Metro Weekly

Joe Biden to Trans Americans: “I Have Your Back”

President Joe Biden called for greater LGBTQ protections and offered comfort to the transgender community in his State of the Union speech.

President Joe Biden delivering the 2024 State of the Union address to Congress. – Photo: C-SPAN.

President Joe Biden offered words of support during his State of the Union address on Thursday, March 7, telling transgender Americans — many of whom feel increasingly under attack by efforts to restrict visible expressions of identity or gender-nonconformity — “I have your back.”

In a speech characterized by many pundits as “fiery,” “energetic,” “impassioned,” and combative, Biden verbally parried with some Republican members of Congress who sought to heckle or “troll” him, especially on the issue of immigration and border security, as reported by CNN.

The president also denounced book-banning — which conservatives have espoused, ostensibly in order to protect children from sexually-tinged or LGBTQ content — as attempts to erase history.

He then pivoted, urging Congress to pass the Equality Act, a sweeping piece of legislation that would enshrine prohibitions on LGBTQ discrimination in various areas and aspects of life, into law. The act was passed two separate times in the U.S. House of Representatives when it was controlled by Democrats, but has never received a vote in the U.S. Senate.

“Stop denying another core value of America our diversity across American life,” Biden said, echoing nearly identical comments he’s made in the past as part of his stump speech. “Banning books — it’s wrong! Instead of erasing history, let’s make history! I want to protect other fundamental rights! Pass the Equality Act, and my message to transgender Americans: I have your back!”

Throughout the speech, Biden sought to distinguish himself from former President Trump, who he will face off against in this year’s general election, emphasizing the importance of “honesty, decency, dignity, [and] equality” as core American values — a veiled reference to Trump’s often belligerent, coarse, and venom-filled rhetoric.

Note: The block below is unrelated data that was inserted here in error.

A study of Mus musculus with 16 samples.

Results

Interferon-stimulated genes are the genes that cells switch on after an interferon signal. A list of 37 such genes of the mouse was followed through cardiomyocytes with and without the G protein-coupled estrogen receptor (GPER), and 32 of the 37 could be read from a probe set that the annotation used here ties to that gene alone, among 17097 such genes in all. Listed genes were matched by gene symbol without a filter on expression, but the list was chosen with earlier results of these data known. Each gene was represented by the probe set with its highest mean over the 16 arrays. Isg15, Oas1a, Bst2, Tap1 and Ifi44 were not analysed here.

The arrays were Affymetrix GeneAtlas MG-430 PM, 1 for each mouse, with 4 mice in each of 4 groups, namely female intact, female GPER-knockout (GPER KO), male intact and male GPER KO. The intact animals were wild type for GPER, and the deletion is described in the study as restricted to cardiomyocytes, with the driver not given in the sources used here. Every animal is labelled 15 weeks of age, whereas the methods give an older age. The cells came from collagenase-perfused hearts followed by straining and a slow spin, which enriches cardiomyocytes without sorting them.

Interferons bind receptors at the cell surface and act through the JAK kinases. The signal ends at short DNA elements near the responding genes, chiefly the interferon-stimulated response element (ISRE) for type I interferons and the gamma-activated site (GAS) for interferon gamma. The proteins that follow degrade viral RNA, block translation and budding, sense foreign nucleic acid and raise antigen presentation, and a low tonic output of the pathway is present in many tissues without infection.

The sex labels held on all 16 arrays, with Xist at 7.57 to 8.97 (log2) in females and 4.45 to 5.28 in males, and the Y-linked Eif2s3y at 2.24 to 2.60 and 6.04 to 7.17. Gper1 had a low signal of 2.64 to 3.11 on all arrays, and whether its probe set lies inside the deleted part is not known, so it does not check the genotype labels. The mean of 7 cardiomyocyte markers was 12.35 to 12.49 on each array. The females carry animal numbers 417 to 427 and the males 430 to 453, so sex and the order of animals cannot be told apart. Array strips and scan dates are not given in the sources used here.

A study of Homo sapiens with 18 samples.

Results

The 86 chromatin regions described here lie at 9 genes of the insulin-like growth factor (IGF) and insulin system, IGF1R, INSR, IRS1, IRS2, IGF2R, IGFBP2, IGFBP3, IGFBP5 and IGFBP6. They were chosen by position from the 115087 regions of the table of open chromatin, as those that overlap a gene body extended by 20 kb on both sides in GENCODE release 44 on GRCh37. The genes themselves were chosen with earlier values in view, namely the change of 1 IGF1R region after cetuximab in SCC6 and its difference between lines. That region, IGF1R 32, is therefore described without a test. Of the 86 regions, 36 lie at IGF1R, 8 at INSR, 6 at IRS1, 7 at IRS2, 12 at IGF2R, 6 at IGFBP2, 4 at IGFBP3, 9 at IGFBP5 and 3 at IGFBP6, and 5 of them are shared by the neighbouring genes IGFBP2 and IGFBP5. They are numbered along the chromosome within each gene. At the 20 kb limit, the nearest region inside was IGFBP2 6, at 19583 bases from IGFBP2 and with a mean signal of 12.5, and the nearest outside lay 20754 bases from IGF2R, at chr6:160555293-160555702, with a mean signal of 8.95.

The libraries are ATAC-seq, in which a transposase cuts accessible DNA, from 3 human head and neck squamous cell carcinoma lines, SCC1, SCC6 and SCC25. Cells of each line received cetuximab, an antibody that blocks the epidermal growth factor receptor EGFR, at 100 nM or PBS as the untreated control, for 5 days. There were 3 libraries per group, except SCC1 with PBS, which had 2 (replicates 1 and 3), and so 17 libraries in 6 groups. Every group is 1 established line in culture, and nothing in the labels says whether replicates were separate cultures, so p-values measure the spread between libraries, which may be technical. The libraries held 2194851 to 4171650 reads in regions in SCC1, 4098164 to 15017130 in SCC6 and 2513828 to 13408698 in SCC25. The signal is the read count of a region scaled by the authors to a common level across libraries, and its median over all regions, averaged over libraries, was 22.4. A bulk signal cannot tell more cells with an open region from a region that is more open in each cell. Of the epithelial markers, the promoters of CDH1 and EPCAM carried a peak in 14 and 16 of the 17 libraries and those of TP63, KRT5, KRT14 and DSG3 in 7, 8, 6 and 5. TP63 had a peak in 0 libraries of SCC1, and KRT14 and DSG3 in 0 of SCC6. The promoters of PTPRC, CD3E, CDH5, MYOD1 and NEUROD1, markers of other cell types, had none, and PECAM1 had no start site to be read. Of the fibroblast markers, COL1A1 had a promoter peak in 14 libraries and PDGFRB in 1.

He also repeated well-worn Democratic talking points about a “battle for the soul of our nation,” invoking the January 6, 2021 riot at the U.S. Capitol and the Trump supporters who had flocked to Washington, D.C. in an effort to protest — with some even hoping to stop — the certification of the 2020 presidential election results, which conservatives have claimed were marred by fraud.

“Insurrectionists stormed this very Capitol and placed a dagger at the throat of American democracy,” Biden said. “We all saw with our own eyes these insurrectionists were not patriots. They had come to stop the peaceful transfer of power and to overturn the will of the people.”

“January 6th and the lies about the 2020 election, and the plots to steal the election, posed the gravest threat to our democracy since the Civil War,” Biden added. “But they failed. America stood strong and democracy prevailed.

“But we must be honest, the threat remains and democracy must be defended,” he said. “My predecessor and some of you here [in Congress] seek to bury the truth of January 6th. I will not do that. This is a moment to speak the truth and bury the lies. And here’s the simplest truth: You can’t love your country only when you win.”

While the rest of Biden’s speech did not mention LGBTQ issues specifically, he did allude to a positive vision of a more inclusive America — one that presumably includes LGBTQ people — casting many of his proposed solutions to pressing issues as part of that vision.

“I see a future for all Americans,” Biden said. “I see a country for all Americans. And I will always be a president for all Americans. Because I believe in America. I believe in you the American people….So let’s build that future together. Let’s remember who we are…. There is nothing beyond our capacity when we act together.”